I love the December flood of articles about favorite books almost as much as my younger self loved presents under our Christmas tree. If you feel the same, allow me to feed your joy by offering five of my favorite books I read in 2022:
1) The 5 Masculine Instincts: A Guide to Becoming Better Men by Chase Replogle
What gets lost in most conversations about masculinity is the development of character. Men have tools to sharpen some skills and shape their beards but are ill-equipped to shape their hearts. We need help to “pay close attention to your life and your teaching (1 Tim 4:15).” Chase gives men the tools we need to build character. He takes five men from Scripture – Cain, Samson, David, Moses, and Abraham – drawing out crucial and helpful applications for men today. By examining these men’s lives, we are better equipped to watch our own life and make progress in godliness. (Review)
2) Once Upon a Wardrobe by Patty Calahan
The icy breeze of an Oxford winter meets the warm fireplace in the Kilns, the home of C. S. Lewis. Patty Callahan tells the story of Megs, a mathematics student at Oxford who sees life as an equation to be solved. Her eight-year-old brother George, dying from heart failure, reads The Lion, The Witch, and The Wardrobe and falls in love with Narnia. He pleads with Megs to ask Mr. Lewis where Narnia comes from. Even though exams are around the corner, Megs knows the painful truth that she doesn’t have much longer with George, so she agrees. Lewis doesn’t give her the straight answer she wants but instead tells her stories of his life. She writes them in a notebook and reads them to her brother. Megs can’t help but feel like she is failing her brother by not getting a straight answer. Slowly, however, her imagination gets baptized. Her view of reality, built exclusively by cold hard facts, melts in the warmth of imagination and story.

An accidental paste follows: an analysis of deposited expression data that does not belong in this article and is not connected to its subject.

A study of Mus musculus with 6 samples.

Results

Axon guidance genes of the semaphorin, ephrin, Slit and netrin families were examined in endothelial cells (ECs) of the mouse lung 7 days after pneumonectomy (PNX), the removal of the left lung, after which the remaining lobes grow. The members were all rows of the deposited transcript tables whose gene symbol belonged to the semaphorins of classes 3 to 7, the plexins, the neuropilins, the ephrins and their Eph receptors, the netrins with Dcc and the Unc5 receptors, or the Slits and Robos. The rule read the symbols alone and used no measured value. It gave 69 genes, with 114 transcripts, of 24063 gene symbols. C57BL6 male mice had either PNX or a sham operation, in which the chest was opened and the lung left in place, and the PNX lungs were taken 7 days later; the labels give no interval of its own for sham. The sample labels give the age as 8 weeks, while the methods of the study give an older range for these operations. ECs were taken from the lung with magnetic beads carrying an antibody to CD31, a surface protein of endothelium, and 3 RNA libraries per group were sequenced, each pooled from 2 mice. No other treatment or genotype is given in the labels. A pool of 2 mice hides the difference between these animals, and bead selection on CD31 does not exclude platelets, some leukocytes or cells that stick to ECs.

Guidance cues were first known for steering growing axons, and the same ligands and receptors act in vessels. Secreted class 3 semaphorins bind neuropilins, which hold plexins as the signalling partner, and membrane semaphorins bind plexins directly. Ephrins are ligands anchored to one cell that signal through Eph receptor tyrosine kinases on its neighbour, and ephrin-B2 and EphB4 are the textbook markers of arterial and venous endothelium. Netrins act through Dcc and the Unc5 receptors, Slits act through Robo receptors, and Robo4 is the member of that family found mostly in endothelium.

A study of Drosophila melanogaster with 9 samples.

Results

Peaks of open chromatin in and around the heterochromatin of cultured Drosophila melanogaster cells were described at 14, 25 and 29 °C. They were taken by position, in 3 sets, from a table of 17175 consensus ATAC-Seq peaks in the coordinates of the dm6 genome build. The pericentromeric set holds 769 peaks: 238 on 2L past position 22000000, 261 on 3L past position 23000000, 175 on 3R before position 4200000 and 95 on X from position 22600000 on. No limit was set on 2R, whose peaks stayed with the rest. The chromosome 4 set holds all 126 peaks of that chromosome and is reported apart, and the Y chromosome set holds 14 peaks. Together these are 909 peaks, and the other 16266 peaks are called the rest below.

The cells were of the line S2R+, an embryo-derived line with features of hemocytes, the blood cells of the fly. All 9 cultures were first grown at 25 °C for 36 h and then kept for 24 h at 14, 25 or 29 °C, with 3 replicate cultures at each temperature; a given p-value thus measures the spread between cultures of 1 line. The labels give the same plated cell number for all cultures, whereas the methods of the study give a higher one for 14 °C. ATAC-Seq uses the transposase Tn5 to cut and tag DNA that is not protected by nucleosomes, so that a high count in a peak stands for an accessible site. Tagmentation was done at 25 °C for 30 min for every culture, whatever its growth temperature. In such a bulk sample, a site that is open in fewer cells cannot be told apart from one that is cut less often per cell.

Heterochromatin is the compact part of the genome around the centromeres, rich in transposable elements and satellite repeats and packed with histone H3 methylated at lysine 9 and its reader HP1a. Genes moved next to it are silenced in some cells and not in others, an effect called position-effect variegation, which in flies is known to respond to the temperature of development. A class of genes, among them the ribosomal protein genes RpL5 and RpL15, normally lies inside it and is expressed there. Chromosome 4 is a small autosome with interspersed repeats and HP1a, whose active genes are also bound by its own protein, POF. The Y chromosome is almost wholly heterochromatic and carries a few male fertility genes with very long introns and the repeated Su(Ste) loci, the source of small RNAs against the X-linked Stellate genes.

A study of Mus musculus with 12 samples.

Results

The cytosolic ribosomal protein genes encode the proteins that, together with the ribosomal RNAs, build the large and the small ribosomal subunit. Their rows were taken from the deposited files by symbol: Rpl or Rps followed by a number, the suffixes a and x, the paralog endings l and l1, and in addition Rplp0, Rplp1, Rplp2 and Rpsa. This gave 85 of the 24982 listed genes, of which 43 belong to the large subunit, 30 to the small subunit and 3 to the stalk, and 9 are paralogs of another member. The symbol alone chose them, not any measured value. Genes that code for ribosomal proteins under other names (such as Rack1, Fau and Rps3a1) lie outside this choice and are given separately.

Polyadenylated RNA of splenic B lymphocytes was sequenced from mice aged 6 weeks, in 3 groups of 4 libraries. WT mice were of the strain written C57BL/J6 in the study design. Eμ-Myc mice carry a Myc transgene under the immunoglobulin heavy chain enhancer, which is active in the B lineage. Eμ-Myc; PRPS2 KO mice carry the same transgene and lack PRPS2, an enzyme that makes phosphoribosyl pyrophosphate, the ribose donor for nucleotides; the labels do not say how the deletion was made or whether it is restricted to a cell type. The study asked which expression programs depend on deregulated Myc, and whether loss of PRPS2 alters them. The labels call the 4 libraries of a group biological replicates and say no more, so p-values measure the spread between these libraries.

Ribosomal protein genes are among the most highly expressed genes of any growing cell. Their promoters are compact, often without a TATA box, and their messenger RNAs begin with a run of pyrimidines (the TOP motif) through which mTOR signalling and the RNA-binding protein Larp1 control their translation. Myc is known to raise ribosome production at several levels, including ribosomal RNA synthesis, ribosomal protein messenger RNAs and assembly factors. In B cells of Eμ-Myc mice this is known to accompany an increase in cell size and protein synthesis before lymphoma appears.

Our worldview is story-formed and Once Upon a Wardrobe shows the beauty of a life shaped by story. This is a fantastic story on its own, but also, much like the wardrobe it’s inspired by, it’s a door to a wide and wonder-filled world.
3) The Bruised Reed by Richard Sibbes
One of my favorite old books is The Bruised Reed by Richard Sibbes. I’m preaching through the Servant Songs in Isaiah in December, so I read Sibbes again. The Bruised Reed is an exposition of Isaiah 42:3, “A bruised reed he will not break and a faintly burning wick he will not quench; he will faithfully bring forth justice.” From this verse, Sibbes channels such warmth and depth of comfort from Christ to broken believers. He shows readers “that there is more mercy in Christ than sin in us.” It would be of great benefit in today’s mental health crisis to listen to a word of comfort from an old Puritan.
4) A Habit Called Faith: 40 Days in the Bible to Find and Follow Jesus by Jen Pollock Michel
My local public library has 176 copies of James Clear’s book Atomic Habits, which 1,125 people currently have on hold. People are interested in habits and how they form us. Pollock Michel reminds us that “faith can be formed in much this same way: by virtue of repetitive motion.” We cannot create faith by habits, but we cultivate and nurture faith through the repetitive motions of our walk with Christ. The book is a 40-day devotional through Deuteronomy and John’s Gospel, focusing on habits of faith that God has marked out for our walk with him. It is beautifully written, theologically rich, and powerfully practical. This would make a great Bible-reading companion to start 2023.
5) God, Technology, and The Christian Life by Tony Reinke
An early chapter in Reinke’s older book, 12 Ways Your Phone is Changing You, is a short theology of technology. God, Technology, and the Christian Life is the 300 page robust theology of the short chapter in 12 Ways Your Phone is Changing You. I’ll admit I did not enjoy this book as much as the others on my list. It is dense and has some rough edges, but this is such an important book. Small supercomputers live in our pockets, and A.I. exists that science fiction writers only dreamed of 40 years ago. Christians need wise, theologically sound resources for thinking about technology. Reinke checks these boxes. He does good work thinking biblically about technology’s relationship to God and then applying that to a Christian’s relationship with technology. (Review)
5 Other Books I enjoyed:
- The Loveliest Place: The Beauty and Glory of the Church by Dustin Benge (Review)
- The Lord’s Prayer: Learning from Jesus on What, Why, and How to Pray by Kevin DeYoung (Review)
- God and the Transgender Debate: What does the Bible actually say about gender identity? By Andrew T. Walker
- All the Light We Cannot See by Anthony Doerr
- Rhythms of Grace: How the Church’s Worship Tells the Story of the Gospel by Mike Cosper (Review).
A good book helps us enjoy and understand life from a biblical worldview. The best books help us enjoy and glorify God. So, as you leave this article, why not go and read a good book and pick one from this list while you are at it?